Is there anything more soothing than a crackling fire on a blustery, winter day or evening?
I love a wood fire — inside or outside. Firepits can be so communal — blanketed friends huddled together, watching embers flicker into the night. The dancing light, the steady heat, the smell of wood smoke.
I have to admit, I’m glad I don’t have to schlep firewood any longer, anticipating the next snake to slither out of the woodpile. I did that enough in this lifetime. You know what they say about wood heating you multiple times: when you cut it, when you split it, when you stack it, when you carry it, when you burn it.
Click! The gas fireplace flashes on.
You learn a lot about wood and trees when you spend time outdoors, whether it’s building fences or clearing blow-downs on the farm, or climbing an oak to set an ambush point for a white-tailed deer you hope will amble by.
Penn’s woods are healthy and growing strong.
Keith Craig, executive director of the state Agriculture Department’s Hardwoods Development Council, talks about plentiful forests and how harvesters are leaving two trees for every one that they take. For decades, our hardwoods have been fortified by the growth rate of two to one.
Luckily, most regeneration occurs naturally. There are no tree plantations. As part of the sustainable resource model, foresters pick and choose when they harvest and what they want. It’s much like tending a garden, picking the best and clearing the weeds. Craig calls it science.
Meaning, we won’t run out of firewood.
There are 17 million acres of forests in Pennsylvania, covering 60 percent of the land mass.
Hardwoods is a $17 billion industry, with a peak economic effect as high at $25 billion before the recent ecession. About $1.2 billion in Pennsylvania hardwood, lumber and paper products are exported to more than 20 countries. Hardwoods employ 60,000 employees, down from 86,000 in the good days, encompassing furniture, moldings and staircases.
There are more than 2,000 wood-products companies in the state — those are sawmills, manufacturing facilities, paper mills and others. That number is down from about 3,000 as recently as six years ago.
Actually, the highest density of hardwoods jobs is not where the big trees grow. The greatest level of employment is in the Lancaster-to-Philadelphia corridor, because of furniture, cabinetry, paper and cardboard manufacturing.
Lumber production has been as high as 1.2 billion board feet as of two years ago; now down to 600 million. Craig says that optimistically, they’ve seen an upturn as housing has come back and are now producing 800 million board feet.
Don’t think it’s all hickory-dory in the woods. There are real threats.
It’s proven time and again that deer affect the amount and quality of regeneration on a massive scale across the state. Foresters, like farmers, have a stake in maintaining balanced herd numbers.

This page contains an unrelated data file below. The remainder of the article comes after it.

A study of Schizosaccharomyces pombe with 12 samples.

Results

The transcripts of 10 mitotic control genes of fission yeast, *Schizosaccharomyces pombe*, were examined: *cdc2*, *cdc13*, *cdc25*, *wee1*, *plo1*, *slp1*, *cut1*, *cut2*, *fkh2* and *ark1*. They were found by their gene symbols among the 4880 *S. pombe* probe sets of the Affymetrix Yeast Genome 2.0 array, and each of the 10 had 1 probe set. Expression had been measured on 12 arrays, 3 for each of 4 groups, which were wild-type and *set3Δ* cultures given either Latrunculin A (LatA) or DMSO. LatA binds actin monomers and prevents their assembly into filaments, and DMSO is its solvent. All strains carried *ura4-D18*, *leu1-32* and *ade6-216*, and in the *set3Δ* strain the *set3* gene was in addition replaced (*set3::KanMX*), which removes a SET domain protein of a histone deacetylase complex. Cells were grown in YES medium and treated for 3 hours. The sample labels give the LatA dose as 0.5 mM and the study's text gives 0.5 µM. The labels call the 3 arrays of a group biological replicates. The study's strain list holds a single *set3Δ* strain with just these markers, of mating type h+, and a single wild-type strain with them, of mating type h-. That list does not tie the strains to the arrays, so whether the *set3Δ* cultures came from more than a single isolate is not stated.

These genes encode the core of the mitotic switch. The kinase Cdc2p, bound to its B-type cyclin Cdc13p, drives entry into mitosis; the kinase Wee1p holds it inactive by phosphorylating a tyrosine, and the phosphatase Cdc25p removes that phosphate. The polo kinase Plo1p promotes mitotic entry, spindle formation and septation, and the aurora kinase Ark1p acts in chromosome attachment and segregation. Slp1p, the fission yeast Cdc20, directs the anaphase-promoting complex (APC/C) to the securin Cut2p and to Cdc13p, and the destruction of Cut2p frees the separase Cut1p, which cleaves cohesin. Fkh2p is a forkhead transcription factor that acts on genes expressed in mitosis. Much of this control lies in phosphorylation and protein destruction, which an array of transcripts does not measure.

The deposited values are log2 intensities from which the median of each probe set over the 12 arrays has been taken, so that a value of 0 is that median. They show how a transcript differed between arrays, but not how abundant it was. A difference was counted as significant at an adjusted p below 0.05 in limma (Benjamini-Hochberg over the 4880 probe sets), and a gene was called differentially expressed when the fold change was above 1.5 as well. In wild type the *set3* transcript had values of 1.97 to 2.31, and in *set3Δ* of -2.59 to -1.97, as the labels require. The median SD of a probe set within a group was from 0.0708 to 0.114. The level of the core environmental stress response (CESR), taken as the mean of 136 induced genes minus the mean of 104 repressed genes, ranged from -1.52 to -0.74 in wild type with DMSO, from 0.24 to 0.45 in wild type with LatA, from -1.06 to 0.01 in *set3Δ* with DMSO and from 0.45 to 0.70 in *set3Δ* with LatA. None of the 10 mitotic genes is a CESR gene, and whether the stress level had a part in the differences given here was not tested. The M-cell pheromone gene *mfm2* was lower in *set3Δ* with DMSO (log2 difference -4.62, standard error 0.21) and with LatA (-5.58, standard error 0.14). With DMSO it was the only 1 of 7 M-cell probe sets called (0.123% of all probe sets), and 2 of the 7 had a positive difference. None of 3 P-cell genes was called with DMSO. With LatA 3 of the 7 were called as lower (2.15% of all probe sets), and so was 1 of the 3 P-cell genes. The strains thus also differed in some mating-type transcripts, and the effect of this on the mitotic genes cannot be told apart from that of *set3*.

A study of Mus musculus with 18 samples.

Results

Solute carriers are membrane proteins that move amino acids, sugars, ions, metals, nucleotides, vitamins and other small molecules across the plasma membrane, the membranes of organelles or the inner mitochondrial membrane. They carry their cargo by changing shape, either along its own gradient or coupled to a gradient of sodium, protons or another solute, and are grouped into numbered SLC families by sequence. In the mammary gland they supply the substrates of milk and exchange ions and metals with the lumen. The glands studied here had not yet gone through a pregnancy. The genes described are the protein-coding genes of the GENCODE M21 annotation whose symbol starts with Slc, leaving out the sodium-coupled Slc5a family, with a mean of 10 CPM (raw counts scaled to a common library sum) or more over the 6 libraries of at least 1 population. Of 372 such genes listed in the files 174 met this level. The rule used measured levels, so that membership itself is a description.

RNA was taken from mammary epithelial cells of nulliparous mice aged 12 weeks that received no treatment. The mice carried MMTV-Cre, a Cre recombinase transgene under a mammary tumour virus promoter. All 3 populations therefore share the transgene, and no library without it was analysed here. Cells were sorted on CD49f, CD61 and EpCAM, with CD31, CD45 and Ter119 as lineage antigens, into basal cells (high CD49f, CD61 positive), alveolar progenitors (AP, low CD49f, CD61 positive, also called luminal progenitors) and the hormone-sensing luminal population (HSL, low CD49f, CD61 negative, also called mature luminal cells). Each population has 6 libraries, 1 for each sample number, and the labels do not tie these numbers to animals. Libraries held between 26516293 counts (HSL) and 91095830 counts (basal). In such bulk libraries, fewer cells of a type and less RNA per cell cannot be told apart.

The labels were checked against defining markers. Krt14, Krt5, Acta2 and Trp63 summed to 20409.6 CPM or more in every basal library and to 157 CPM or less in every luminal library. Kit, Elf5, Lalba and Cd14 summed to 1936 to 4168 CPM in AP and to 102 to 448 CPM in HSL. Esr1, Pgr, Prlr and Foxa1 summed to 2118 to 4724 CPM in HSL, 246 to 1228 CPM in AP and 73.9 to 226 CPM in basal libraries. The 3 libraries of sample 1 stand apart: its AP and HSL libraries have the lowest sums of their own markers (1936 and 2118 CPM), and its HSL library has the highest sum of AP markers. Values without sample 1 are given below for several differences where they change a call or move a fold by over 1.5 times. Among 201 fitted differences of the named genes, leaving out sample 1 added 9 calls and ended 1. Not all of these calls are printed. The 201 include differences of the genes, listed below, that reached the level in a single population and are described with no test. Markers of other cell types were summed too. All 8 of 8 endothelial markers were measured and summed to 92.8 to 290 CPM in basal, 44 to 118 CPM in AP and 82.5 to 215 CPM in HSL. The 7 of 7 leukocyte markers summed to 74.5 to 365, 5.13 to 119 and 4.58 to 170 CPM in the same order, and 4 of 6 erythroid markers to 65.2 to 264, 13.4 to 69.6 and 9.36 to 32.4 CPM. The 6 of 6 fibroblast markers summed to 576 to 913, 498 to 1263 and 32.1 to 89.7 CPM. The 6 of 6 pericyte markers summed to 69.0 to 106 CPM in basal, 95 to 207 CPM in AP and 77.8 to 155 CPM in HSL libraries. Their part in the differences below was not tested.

The minimum allowable number of white-tails per square mile of forest is 24, before they level significant destruction on the browse and future trees. That’s the standard formula used by biologists to trigger controlled and other harvests.
Ironically, up in the state’s big woods, where the big trees grow, hunters claim 24/7 that “There are no deer.”
Little buggers are the biggest bandits.
Invasive insects gone wild can raze a forest as efficiently as anything at the end of match.
The small emerald ash borer threatens to devastate one of the biggest hits in Penn’s woods. Louisville Slugger has used Pennsylvania northern white ash for baseball bats since the business began. The beetle from China showed up in Michigan 10 years ago, spread through Ohio and into the commonwealth five or six years ago. It’s now found all over Pennsylvania.
I’ve taken quite a few deer out of a slugger of an ash tree on family ground. I can’t imagine having a stand site elsewhere if the beetle had gotten there first.
The Asian longhorn beetle could devastate up to 40 percent of the forests in Pennsylvania. It threatens maple and 10 other species here. The huge, black beetle has white spots. It’s been found in New York City’s Central Park, Massachusetts and Ohio. While it hasn’t been found in the commonwealth, Craig urges anybody who finds a longhorn beetle, to call the Agriculture Department right away so it can be analyzed.
Foresters are on guard, and an eradication plan is in place.
“They move in firewood. They live in firewood,” Keith Craig warns of the invasive bugs.
If you move firewood, do so carefully and according to regulations.
There are rules against importing firewood from other states and strong advisories are in place to not move it within the state from one district to another.
I love the woods, if they are keeping my feet toasty in the hearth, or supporting the platform for my feet 20 feet above the ground during hunting season.
I find their health checkup to be good news. We must continue to take care of the woods.
Forests are the foundation for the environment we enjoy. Standing tall, standing strong.